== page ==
Senegalese association in Harlem offers support, social services to immigrants
The office of the Senegalese Association of America is located on St. Nicholas Avenue in Harlem, sandwiched between a barbershop and an apartment building. Around 3 p.m. Wednesday afternoon, a handful of West African immigrants walked through its door. They sat on empty chairs, greeted each other with “Asalamu alaikum,” — peace be upon you — and conversed in a mixture of Wolof and French.
One of them was 17-year-old Makhtar Diaw, an 11th grader who came to New York from Senegal just two years ago. Diaw memorized the Qur’an, the Muslim holy book, when he was 10-years-old. He comes here three days a week to tutor young children on how to read the Qur’an.
The non-profit association was founded in 1989 as a meeting space for families and friends when the first wave of Senegalese immigrants arrived in New York. It provides assistance with legal issues, after-school tutoring programs, housing and immigration issues, and family counseling, according to Papa Ibrahima Sow, the president of the association.
The center also helps in sending the bodies of the dead back to Senegal for burial. Since last week, the picture of Abou Sylla, a 36-year-old Senegalese man killed in a drug-related incident in Washington Heights on Oct. 3, hangs on an envelope posted at the tiny office of Kaaw Saw, the association’s general manager. The association solicited funds from the community so it can send Sylla’s body back to his parents in Senegal.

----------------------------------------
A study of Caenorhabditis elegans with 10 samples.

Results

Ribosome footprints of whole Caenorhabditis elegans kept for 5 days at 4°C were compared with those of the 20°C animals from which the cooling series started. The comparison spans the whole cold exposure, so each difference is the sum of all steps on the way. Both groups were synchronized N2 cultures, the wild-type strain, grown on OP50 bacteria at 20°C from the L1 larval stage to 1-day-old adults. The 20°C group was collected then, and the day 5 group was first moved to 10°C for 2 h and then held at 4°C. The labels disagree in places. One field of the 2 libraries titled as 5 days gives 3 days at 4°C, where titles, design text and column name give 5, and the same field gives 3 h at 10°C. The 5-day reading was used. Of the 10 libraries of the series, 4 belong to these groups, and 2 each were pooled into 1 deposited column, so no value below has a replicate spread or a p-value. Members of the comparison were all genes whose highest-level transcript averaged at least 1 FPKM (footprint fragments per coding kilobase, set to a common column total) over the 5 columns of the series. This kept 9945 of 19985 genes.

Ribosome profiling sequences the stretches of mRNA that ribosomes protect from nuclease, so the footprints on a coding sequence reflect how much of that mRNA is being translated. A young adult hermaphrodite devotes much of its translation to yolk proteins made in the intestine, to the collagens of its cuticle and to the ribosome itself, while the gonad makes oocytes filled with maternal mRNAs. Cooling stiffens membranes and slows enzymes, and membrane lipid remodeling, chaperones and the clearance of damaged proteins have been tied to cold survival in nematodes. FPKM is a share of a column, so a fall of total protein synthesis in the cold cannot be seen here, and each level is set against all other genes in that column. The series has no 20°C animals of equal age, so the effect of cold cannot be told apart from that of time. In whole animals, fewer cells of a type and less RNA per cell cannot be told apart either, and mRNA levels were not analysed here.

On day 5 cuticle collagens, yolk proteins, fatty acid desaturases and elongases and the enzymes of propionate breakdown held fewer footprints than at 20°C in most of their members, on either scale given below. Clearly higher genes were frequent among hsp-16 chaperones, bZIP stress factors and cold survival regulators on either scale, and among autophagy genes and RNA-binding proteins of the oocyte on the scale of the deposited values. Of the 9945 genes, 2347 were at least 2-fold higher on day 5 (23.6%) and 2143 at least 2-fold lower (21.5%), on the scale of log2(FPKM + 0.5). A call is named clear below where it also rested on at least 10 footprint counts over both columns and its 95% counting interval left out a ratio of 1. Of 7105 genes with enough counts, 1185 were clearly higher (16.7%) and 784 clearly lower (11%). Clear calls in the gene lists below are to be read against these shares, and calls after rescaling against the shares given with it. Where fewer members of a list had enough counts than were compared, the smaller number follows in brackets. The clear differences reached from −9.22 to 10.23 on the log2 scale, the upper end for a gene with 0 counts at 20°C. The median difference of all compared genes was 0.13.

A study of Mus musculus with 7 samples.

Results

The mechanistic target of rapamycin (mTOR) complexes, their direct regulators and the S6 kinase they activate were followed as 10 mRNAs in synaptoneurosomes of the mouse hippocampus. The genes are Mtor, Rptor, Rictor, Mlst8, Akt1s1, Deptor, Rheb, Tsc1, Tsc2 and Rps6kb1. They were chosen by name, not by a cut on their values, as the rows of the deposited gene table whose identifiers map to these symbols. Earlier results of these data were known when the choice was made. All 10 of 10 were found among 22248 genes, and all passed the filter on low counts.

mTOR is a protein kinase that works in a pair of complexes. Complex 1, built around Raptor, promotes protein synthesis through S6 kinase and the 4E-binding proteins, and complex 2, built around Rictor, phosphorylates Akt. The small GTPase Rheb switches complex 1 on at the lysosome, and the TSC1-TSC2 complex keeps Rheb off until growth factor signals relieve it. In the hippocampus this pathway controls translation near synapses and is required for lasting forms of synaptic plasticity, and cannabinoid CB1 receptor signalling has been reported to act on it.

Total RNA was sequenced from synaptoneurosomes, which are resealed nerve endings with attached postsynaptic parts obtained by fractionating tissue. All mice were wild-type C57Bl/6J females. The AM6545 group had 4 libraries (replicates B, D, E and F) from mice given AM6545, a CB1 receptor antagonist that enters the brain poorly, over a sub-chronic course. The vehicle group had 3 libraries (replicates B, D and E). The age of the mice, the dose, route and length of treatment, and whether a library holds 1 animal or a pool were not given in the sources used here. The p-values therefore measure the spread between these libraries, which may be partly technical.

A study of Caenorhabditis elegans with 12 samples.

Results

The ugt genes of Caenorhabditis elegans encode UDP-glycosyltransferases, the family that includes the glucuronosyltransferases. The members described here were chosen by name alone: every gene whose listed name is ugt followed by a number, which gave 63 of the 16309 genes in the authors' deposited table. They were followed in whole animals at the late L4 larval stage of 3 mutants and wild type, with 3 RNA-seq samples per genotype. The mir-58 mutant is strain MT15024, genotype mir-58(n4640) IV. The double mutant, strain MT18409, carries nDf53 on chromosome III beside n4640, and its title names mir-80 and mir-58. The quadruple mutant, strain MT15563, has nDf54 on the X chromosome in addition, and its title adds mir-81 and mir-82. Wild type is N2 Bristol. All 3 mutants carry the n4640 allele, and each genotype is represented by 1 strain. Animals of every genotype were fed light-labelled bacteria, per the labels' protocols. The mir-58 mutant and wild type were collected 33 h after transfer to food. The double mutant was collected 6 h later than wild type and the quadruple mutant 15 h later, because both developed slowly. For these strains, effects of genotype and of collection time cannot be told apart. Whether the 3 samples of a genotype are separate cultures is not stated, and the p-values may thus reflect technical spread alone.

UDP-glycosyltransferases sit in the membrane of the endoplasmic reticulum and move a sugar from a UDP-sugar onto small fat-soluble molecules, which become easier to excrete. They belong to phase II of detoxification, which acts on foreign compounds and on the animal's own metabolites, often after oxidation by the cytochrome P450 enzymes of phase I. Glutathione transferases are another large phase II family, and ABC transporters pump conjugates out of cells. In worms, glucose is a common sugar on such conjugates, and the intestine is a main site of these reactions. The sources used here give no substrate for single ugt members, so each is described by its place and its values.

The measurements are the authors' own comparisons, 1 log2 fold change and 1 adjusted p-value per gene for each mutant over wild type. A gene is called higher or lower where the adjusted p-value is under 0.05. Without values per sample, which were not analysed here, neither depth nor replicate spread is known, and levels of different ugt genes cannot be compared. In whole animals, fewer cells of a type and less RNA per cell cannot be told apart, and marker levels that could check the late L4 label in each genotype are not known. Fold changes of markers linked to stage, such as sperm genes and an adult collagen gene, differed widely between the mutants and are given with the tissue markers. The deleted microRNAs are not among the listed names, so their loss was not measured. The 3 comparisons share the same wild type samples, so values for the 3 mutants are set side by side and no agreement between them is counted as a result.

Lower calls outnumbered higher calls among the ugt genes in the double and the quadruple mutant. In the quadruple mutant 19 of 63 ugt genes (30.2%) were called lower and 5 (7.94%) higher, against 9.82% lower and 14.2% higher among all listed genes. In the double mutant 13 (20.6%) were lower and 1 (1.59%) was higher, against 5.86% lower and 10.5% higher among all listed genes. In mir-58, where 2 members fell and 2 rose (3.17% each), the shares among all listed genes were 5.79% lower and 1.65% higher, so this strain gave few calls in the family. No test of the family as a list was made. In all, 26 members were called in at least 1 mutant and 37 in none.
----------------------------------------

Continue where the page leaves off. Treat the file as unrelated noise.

The organization is largest Senegalese association in the diaspora with more than 5,000 members. Its main focus is to help immigrants navigate the complexities of the American system: When people have legal problems, they come to the center that then connect them to lawyers. When parents have difficulty finding schools for their kids, they come to the association for guidance. A couple’s marriage is on the brink of break up? The Senegalese association will provide counseling and mediation.
The association mainly relies on its members for funding. In 2012, members, who each pay $10 a month, have contributed $45,000. The rest of the organization’s funding came from contributions and fundraising events, totaling $52,000, according to its filings with the Internal Revenue Service. It pays $5,000 a month in rent.
Ousmane Drame, one of the founders of the association, said the Senegalese community, one of the first African community to settle in Harlem, helps other West African groups form their own organizations.
Sow said the community is facing housing challenges. Landlords are “pushing out people from homes by increasing rent prices,” he said.
As a result, many families are relocating to the Bronx and Queens. Others are even moving to other states, such as New Jersey, Connecticut and Ohio.
Rents for retail space along 116th St. is also going up, forcing several African-owned restaurants and mosques to relocate to other parts of Harlem, Sow said.
“Large part of the community is moving out and we are struggling to come up with solutions or strategy to address this issue,” Sow said. “The sense of community is disappearing.”